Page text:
JPR Classics

JPR Classics is a place to come for all things classical in the State of Jefferson.  We'll honor our rich classical heritage while looking to the future, showcasing inspired performances by the next generation of classical musicians. The classics live on JPR!

In The Brooklyn Youth Chorus, Teens Speak Up By Singing Out

May 12, 2017
Todd Rosenberg

The WFMT Radio Network's American Opera Series returns to JPR's Classics & News Service on Saturday, May 20th following the conclusion of the Metropolitan Opera season.

Highlights of this season include: Berlioz’ epic Les Troyens (June 3), and Tchaikovsky’s lyric masterpiece Eugene Onegin (July 8). Stars of this season include Eric Owens (Das Rheingold), Christine Goerke (Les Troyens), Mariusz Kwiecień (Eugene Onegin), and more!

Another day, another study undercutting the myth surrounding the 18th-century Italian violin maker Antonio Stradivari.

Since the early 20th century, musicians and instrument experts have been trying to figure out what, if anything, makes the violins he made sound better.

Although more women have been winning Pulitzer Prizes for music lately, it's still next to impossible to hear works by female composers performed by America's symphony orchestras.

This year's Pulitzer winner, Du Yun, has a lot to say about the situation.

Conductor Gustavo Dudamel — one of the most famous Venezuelans in the world today and one of the world's most prominent classical musicians — issued an open letter today to the president and government in his native country.

Long reticent to address politics directly, he has published his comments in a letter titled "Levanto Mi Voz / I Raise My Voice," in both Spanish and English. (The full text is below, in both languages.)

As a composer, I entered a profession in which I knew I could actively alter our fractious present using the incomparable tools of art. After all, the intellectually curious and essentially progressive landscapes of our concert halls and opera houses seem like the perfect arenas in which to harness momentum for change and, through the aspirational craft of music, feel the resurrection of hope in the midst of despair and apathy.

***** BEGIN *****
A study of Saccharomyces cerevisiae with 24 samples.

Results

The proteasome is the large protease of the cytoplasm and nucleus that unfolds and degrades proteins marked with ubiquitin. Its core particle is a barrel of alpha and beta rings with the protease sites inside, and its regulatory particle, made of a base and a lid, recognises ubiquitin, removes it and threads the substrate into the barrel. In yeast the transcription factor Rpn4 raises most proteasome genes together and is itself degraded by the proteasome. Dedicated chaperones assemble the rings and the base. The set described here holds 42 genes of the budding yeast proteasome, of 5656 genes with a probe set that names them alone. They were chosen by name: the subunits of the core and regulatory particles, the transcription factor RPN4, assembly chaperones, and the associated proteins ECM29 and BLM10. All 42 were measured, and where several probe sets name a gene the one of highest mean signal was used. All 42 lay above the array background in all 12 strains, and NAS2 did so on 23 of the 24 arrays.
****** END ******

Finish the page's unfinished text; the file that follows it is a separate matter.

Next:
Featured Works for May – First Concert
(*Indicates May birthday)

May 1 M Jennifer Higdon: blue cathedral
May 2 T Alessandro Scarlatti*: Sinfonia No. 12
May 3 W Franz Joseph Haydn: Piano Trio in G major
May 4 T Josef Suk: Fantastic Scherzo
May 5 F Claude Debussy: Violin Sonata

Bill Murray Goes Classical? Hey, Why Not?

Apr 24, 2017

What will Bill Murray do next?

The beloved actor's curiosity seems boundless. It should be no surprise, then, to learn that his new project finds him paired with a classical cellist.

How Do You Bond With Mozart? Adopt A Starling

Apr 20, 2017

After Coming Out As Gay, A Russian Violinist's New Reality

Apr 19, 2017

A 23-year-old, Russian-born violinist named Artem Kolesov is capturing international attention after posting a YouTube video in which he comes out as gay.

Du Yun Wins Music Pulitzer For 'Angel's Bone'

Apr 12, 2017

Du Yun, a 39-year-old composer, musician and performance artist, today won the Pulitzer Prize for music for her opera Angel's Bone. The Pulitzer jury describes the piece as a bold work "that integrates vocal and instrumental elements and a wide range of styles into a harrowing allegory for human trafficking in the modern world." Angel's Bone, which has a libretto by the versatile Royce Vavrek (Missy Mazzoli's Breaking the Waves and David T.

Songs We Love: Trio Mediaeval, 'Morgunstjarna'

Apr 11, 2017

It's a curious thing how ancient music can sometimes sound so contemporary. Listen to "Morgunstjarna," and it's as if three centuries' worth of music history evaporates. The anonymous song from 17th-century Iceland sports a catchy, bittersweet melody and rhythmic hook that pop outfits like Peter Bjorn and John might be happy to whistle.

Hold Up! Renée Fleming Is Not Retiring From Opera

Apr 6, 2017

The opera firmament was shaken yesterday when a New York Times article, headlined "The Diva Departs: Renée Fleming's Farewell to Opera," landed online.

Confronting Anti-Semitism In Russia, In Words And Then Music

Apr 4, 2017

Although it closed 60 years ago, Black Mountain College keeps on giving. In its heyday, the liberal arts institution near Asheville, N.C., counted many of the mid-century's great artistic thinkers, including John Cage, Willem de Kooning, Cy Twombly, Buckminster Fuller, Francine du Plessy Gray and Robert Rauschenberg, among its faculty and students.

Featured Works for April – First Concert
(*Indicates April birthday)

Apr 3 M Wolfgang Amadeus Mozart: Piano Concerto No. 24
Apr 4 T Giacomo Meyerbeer: Overture to Dinorah
Apr 5 W Albert Roussel*: Rustiques

Apr 6-12 Spring Membership Drive

Apr 13 T Félicien David*: Piano Trio No. 2
Apr 14 F Joseph Haydn: Symphony No. 49

The first opera hit the stage over 400 years ago. More recently, the art form has been adapted to modern media: In the 1920s and '30s, operas were written to be performed on the radio, and in 1951, NBC commissioned Gian Carlo Menotti to compose Amahl And The Night Visitors for television.

Review: The Knights, 'Azul'

Mar 28, 2017

Note: NPR's First Listen audio comes down after the album is released. However, you can still listen with the Spotify or Apple Music playlist at the bottom of the page.

Piotr Anderszewski might be one of the most revered pianists of his generation, but he's also one of the most impulsive.

In 1990, at age 21, the young Pole entered the prestigious Leeds International Piano Competition. He was nearly finished with his semi-final performance when he quit playing — just walked off the stage. He felt he wasn't good enough to continue. It was a gutsy move that actually helped launch his career.